Wheaten Scones with butter and strawberry jam

With a Northern-Irish ex-pat father, occasionally through my childhood we'd be treated to various Irish specialities. Potato cakes are what I remember best, thin pancake-like triangles of potato, butter, flour and maybe some herbs fried to give a brown, caramelised crunch. Just thinking about them makes my mouth water and yet for some reason they aren't popular in my part of the world.

When he moved to England in the '60s, my Dad was shocked at the poor range of flour available in supermarkets, just white or wholemeal in the main and the wholemeal was very much finer than he was used to in Northern Ireland. He says that, unlike what he found in England, there would be a wide variety of wholemeal (or wheaten meal) flours available, from fine to coarse - and even with today's ever homogenising supermarket offerings, several grades of coarseness are available.

Some time ago, he contacted various millers in Ireland to try to produce some "proper" coarse flour used in scones, farls, wheaten bread amongst others but couldn't convince any to send some across-the-water and so had given up the search. This is where the marvellous Jon Cook at Foster's Mill comes in. He has made a mid-coarseness stoneground wheaten meal for us to stock - and it has had the thumbs-up in the ex-pat authenticity test!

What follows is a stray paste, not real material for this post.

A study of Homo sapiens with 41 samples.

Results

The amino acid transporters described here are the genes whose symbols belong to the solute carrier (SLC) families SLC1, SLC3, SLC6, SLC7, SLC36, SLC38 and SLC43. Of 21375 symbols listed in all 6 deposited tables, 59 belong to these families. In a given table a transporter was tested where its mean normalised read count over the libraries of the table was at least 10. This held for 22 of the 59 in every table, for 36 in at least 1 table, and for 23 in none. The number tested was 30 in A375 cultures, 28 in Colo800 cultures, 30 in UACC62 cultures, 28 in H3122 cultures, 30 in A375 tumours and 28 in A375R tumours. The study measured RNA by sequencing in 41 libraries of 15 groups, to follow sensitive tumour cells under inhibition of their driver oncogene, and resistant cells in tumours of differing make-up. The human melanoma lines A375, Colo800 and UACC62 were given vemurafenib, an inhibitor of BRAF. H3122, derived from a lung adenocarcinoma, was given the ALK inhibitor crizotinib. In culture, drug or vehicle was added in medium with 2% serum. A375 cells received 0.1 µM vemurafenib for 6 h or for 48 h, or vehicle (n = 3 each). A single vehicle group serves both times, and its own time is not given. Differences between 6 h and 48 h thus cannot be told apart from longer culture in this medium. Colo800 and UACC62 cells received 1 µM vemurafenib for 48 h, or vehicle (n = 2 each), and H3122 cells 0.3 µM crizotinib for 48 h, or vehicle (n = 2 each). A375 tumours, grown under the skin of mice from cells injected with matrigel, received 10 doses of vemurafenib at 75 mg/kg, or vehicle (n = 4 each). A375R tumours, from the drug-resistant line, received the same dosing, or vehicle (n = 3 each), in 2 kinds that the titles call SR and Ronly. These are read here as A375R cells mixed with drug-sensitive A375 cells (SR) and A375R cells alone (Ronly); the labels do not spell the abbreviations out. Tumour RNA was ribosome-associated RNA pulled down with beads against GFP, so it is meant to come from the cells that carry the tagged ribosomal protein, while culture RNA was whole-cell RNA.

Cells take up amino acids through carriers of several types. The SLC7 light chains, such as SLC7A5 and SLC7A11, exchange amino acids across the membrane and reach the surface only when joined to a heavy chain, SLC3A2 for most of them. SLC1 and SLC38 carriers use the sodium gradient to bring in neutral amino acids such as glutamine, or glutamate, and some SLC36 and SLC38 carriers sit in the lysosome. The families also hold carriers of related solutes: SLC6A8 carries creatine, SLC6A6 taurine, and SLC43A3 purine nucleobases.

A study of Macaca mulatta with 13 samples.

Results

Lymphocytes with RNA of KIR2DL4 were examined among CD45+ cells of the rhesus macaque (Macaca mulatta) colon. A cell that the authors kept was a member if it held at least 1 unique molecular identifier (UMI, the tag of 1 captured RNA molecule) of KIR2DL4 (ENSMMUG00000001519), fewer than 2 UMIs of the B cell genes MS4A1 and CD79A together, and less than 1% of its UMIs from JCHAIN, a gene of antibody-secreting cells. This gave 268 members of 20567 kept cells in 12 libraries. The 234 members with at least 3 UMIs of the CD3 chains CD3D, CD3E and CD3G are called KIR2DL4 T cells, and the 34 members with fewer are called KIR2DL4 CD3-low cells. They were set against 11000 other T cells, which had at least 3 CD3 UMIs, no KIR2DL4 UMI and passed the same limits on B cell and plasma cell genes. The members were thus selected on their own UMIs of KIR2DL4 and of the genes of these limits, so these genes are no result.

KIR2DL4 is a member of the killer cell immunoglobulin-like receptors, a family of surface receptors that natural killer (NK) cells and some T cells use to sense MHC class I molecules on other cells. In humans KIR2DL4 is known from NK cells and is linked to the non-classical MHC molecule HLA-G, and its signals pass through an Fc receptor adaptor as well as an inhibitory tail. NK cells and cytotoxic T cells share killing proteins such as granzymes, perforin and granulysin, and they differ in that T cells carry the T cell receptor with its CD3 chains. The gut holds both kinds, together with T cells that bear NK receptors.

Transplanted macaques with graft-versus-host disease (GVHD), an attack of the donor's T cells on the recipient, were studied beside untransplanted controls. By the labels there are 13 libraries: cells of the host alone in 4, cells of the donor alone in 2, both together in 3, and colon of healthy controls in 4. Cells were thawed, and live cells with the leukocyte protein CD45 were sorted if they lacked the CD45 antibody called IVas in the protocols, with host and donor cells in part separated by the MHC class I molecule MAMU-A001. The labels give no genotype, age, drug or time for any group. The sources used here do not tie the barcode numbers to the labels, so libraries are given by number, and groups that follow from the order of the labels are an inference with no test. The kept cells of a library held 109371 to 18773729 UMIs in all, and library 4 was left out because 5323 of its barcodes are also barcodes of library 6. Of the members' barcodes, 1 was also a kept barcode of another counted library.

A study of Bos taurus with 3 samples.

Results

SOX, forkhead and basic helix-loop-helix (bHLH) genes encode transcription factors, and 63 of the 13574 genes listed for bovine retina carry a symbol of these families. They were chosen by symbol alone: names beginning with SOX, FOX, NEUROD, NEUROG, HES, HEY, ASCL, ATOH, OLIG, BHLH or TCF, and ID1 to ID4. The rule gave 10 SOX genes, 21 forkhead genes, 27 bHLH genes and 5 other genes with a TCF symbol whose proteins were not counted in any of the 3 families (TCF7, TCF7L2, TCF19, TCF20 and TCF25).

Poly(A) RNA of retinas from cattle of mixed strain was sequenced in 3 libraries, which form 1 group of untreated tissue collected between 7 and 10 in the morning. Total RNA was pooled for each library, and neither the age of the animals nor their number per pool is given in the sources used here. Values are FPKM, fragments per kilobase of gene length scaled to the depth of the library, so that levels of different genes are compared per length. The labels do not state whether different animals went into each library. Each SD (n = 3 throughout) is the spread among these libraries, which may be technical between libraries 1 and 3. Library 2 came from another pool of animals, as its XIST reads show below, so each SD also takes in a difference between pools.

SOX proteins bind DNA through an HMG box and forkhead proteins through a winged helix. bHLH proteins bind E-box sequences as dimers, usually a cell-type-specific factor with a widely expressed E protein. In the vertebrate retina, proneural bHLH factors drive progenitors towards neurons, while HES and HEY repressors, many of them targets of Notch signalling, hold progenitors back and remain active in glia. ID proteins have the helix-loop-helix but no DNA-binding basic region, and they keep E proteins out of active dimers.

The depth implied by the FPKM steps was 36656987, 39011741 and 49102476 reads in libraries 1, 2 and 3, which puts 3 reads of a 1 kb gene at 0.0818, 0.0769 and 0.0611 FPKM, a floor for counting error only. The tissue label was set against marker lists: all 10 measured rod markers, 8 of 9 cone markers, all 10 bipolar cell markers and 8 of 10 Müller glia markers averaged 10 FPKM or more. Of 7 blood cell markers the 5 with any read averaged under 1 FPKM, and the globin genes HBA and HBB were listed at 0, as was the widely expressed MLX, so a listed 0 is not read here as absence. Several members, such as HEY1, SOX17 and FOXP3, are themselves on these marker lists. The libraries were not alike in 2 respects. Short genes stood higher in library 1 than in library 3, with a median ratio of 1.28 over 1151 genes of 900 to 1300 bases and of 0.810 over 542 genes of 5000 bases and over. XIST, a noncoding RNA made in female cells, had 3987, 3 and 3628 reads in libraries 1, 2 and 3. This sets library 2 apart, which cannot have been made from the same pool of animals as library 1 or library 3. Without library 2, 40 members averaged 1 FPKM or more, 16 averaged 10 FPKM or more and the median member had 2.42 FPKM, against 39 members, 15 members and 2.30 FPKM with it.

Here then, is a very straightforward recipe for Wheaten Scones using Jon's flour and a family recipe. Traditionally these would be cooked on a griddle but work well in the oven (use the top of your range cooker if you have one). The scones have much more bite than the more common white scones and, with the turn half-way through baking, they have a delicate crust too. Great with butter and jam, in fact, I think, I need another one for inspiration while writing-up the recipe.

This recipe contains buttermilk, another ingredient readily available in Ireland and much less so in England. The buttermilk available in the supermarkets isn't quite the same but is near enough. The recipe makes 12 excellent scones, good hot, cold or toasted.

Ingredients:

Method:

Preheat your oven to 230°C (215°C for fan ovens).

Soda breads should not be kneaded and rely on the baking powder to make them rise. So, mix the wheaten meal, flour, sugar, baking powder and salt together to make sure that all are well distributed. Rub the butter into the mix with your hands until the butter is lost in the flour and then add the buttermilk, mixing (rather than kneading) until all comes together as a fairly stiff dough.

Flour your worktop and roll the dough to about 1" thickness and then using a 60mm pastry cutter cut out the 12 scones, placing them on a greased baking sheet.

Put the scones into the pre-heated oven for 7 minutes before turning the scones over and then baking for another 7 minutes until golden brown. Tip onto a cooling rack, cool a bit before eating.